November 3, 2021
For our third issue this school year TKC followed the prompt “Everybody has a story.” TKC staffers were randomly assigned three KHS students to write “Voices of Kirkwood” on. They capture details about a Kirkwood resident: what their hobbies are, what has been their biggest struggle and what makes them different from every other person in Kirkwood. Read Nicholas Whittington’s Vok’s to learn about Anna Kaiser, Zaira Hernandes-Vasquez and Tyler Wilson.
Anna Kaiser has never stayed in one place long. Starting in middle school, she moved schools constantly. “For sixth grade I went to St. Clement, and then for seventh and eighth grade I went to North Kirkwood [Middle School],” Kaiser said. “I then went to Villa Duchesne for two years before transferring to Kirkwood.”
Kaiser said she feels more at home at Kirkwood than at Villa. She sees having both boys and girls in the school takes away some of the pressures faced in an all-girls school. “With all girls there is always so much drama. Everyone wants to pick on other girls to feel better about themselves,” Kaiser said. “[In] the different [friend] groups, [girls] would always switch around and leave people. It was not a good environment.”
While the overwhelming amount of drama contributed to her transfer to Kirkwood, a second major reason was her ongoing battle with anorexia and the medical treatment she received for it. Though Kaiser already attended two years of high school at Villa, she is currently repeating sophomore year at Kirkwood because she was in treatment for a large portion of last year.
Coming [to Kirkwood] was a fresh start.
— Anna Kaiser
“Coming [to Kirkwood] was a fresh start. I enjoy it because I am in a new school and a [different] grade.” While Kaiser does not think the treatment was exceedingly effective as she continues her fight each day, she does believe she gained perspective from going to treatment. “When I went to treatment, everyone had something that they were going through. [Treatment] impacted me in a very positive way.” Through the experiences Kaiser has encountered, she hopes to enter the psychological field after college.
Even though Kaiser has had a difficult time switching schools, she believes the most important thing is to engage with classmates. “It’s really hard when you first come to a new school because you don’t know anyone. I would say be open to opportunities and meeting new people. When I first went to Villa I was so isolated and didn’t talk to anyone. But once I started opening up to other people and engaging with other people, it helped me so much get to know the people there. School is so much harder if you don’t have friends.”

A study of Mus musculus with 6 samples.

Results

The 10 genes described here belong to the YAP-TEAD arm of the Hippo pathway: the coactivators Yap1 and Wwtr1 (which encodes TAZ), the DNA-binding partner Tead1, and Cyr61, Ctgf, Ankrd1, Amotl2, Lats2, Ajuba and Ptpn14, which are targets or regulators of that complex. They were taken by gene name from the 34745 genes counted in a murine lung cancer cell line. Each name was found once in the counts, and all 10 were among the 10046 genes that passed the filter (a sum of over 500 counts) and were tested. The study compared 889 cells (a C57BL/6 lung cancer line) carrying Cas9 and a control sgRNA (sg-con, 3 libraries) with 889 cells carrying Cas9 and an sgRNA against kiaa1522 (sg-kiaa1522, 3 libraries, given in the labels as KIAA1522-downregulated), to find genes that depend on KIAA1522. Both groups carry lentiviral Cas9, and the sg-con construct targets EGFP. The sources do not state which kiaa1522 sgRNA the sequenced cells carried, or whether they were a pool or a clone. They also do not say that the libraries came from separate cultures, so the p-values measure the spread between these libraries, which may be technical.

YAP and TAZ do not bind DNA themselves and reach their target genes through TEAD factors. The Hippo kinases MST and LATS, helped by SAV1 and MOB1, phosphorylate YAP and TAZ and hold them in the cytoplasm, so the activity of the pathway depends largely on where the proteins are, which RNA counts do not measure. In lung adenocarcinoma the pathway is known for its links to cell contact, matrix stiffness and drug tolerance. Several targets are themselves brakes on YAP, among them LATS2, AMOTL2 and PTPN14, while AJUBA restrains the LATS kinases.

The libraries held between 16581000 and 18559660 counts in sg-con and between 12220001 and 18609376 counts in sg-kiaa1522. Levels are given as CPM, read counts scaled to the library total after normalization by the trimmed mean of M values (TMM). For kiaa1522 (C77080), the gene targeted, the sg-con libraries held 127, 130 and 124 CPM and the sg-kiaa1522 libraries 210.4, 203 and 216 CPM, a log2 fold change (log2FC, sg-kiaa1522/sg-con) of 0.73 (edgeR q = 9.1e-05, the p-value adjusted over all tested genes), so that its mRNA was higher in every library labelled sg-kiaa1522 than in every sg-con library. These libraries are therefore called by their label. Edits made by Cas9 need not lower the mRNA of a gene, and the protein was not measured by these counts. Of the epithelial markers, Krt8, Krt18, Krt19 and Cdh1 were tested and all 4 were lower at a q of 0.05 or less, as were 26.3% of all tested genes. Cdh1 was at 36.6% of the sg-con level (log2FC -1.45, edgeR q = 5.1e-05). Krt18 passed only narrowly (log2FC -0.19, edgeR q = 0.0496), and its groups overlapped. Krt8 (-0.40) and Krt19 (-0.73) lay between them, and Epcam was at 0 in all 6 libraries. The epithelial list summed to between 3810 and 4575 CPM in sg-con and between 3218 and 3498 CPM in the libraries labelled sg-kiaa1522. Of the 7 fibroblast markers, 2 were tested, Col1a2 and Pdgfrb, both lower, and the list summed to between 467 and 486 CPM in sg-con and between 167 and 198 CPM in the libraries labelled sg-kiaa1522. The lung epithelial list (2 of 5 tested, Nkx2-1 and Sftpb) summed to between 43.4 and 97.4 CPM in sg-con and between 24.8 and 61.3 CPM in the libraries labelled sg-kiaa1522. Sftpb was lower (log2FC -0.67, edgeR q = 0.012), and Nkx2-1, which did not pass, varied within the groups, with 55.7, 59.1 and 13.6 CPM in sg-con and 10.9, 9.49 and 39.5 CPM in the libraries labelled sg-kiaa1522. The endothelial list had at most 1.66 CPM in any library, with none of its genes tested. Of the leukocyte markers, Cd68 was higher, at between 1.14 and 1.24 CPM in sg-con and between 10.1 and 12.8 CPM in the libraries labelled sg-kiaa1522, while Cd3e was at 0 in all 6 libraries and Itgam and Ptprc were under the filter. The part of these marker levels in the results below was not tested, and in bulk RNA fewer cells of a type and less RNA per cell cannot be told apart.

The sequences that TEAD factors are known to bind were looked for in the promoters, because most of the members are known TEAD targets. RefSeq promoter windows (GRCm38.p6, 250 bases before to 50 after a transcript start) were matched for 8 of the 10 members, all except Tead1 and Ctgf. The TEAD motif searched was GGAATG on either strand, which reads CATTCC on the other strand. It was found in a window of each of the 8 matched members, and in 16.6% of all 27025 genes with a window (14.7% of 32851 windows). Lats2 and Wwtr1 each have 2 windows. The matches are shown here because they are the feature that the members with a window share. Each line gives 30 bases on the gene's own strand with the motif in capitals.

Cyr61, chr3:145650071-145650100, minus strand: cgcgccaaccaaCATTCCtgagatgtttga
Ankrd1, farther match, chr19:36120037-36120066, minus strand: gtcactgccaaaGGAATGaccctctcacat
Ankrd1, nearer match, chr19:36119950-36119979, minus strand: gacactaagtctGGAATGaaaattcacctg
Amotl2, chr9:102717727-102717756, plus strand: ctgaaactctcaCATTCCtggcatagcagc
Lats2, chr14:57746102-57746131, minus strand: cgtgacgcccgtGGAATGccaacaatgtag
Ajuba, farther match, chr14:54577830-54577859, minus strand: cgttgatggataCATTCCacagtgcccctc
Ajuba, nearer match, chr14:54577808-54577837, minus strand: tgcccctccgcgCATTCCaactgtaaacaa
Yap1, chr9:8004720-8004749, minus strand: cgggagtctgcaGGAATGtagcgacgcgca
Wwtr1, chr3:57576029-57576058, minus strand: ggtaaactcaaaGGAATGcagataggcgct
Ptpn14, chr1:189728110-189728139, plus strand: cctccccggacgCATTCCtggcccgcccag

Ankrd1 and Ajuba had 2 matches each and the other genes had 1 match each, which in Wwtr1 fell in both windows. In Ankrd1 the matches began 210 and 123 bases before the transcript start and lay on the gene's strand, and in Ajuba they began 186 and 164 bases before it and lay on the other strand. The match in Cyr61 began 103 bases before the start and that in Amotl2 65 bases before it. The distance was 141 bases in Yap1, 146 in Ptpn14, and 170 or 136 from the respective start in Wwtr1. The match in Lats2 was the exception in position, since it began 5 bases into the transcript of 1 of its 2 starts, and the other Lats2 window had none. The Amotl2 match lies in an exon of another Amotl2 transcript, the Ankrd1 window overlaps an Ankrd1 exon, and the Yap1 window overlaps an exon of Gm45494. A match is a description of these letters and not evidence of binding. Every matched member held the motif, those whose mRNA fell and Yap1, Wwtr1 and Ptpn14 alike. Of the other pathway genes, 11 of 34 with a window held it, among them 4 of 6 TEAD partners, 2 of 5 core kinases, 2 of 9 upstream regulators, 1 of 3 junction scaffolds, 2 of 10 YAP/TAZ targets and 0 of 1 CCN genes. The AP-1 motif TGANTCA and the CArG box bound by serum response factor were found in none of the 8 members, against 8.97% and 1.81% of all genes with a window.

Every summer, Tyler Wilson, freshman, visits his grandparents in Istanbul, Turkey. He said having the opportunity to visit them on a regular basis has allowed him to develop strong relationships with his family. Wilson spent his entire eighth grade year in Turkey because of online learning.
“[Due to the eight hour time difference], I would be up doing virtual school until around 11 p.m.,” Wilson said. “My day would be all before school, then I would go to bed right after I finished school at night. ”
Because Wilson visits each summer, he has been able to form strong friendships. “Turkey is very similar to [the U.S]. Most of the time I hang out with friends and just chill with them.” Wilson also met a lot of his friends on a summer soccer team in Istanbul which he plays on every year.
Being able to visit them has given me a certain level of comfort that not everyone has [with their grandparents].
— Tyler Wilson
While he enjoys visiting Turkey, Wilson said the language barrier between the U.S. and Turkey can cause confusion. “When I first came back to the U.S., I [spoke] Turkish to people [by] accident. It was so weird — I was like, ‘why are they looking at me so weird?’’
Wilson plans to continue his annual visits again during summer 2022 and may also take advantage of flexible online schooling to spend an extended winter break in Turkey. He said there was no specific reason he started visiting his grandparents, but he’s glad he did.
“I get to build a bond with both of my grandparents, especially my grandfather and all the stories he tells. When I was born, my grandparents [took] care of me while my parents were at work. Being able to visit them has given me a certain level of comfort that not everyone has [with their grandparents].”
A home cooked meal means family to Zaira Hernandez-Vazquez, sophomore. Hernandez-Vazque said cooking is a way to connect with her family. “My mother moved to the U.S. [from Mexico] when she was 14 years old and my dad moved here around 16 years old. My [maternal] grandmother grew up in Mexico City.”
Because of her heritage, Hernandez-Vazquez said she grew up around Hispanic dishes. “I would spend a lot of time with my grandmother and she would cook, which [developed] an interest in cooking [I’ve had] ever since I was a little kid.”
Sadly, cooking will never be quite the same to her after the death of her mother last summer. “While [the death of my mother] was a big transition, it has not changed my school learning. I want to get my grades up from last year. I like to have good grades, it makes me feel better about myself as a whole.”
One of Hernandez-Vazquez’s motivations in high school is that she hopes to go to culinary school to pursue cooking. While she hasn’t decided where she wants to study, this is a life path that will allow her to connect with her Hispanic heritage and family. “I [still] want to go to a cooking school to be a chef. Growing up my mom used to always cook and I would be in the kitchen with her. Cooking is a way to connect with both [my mom] and my grandmother.”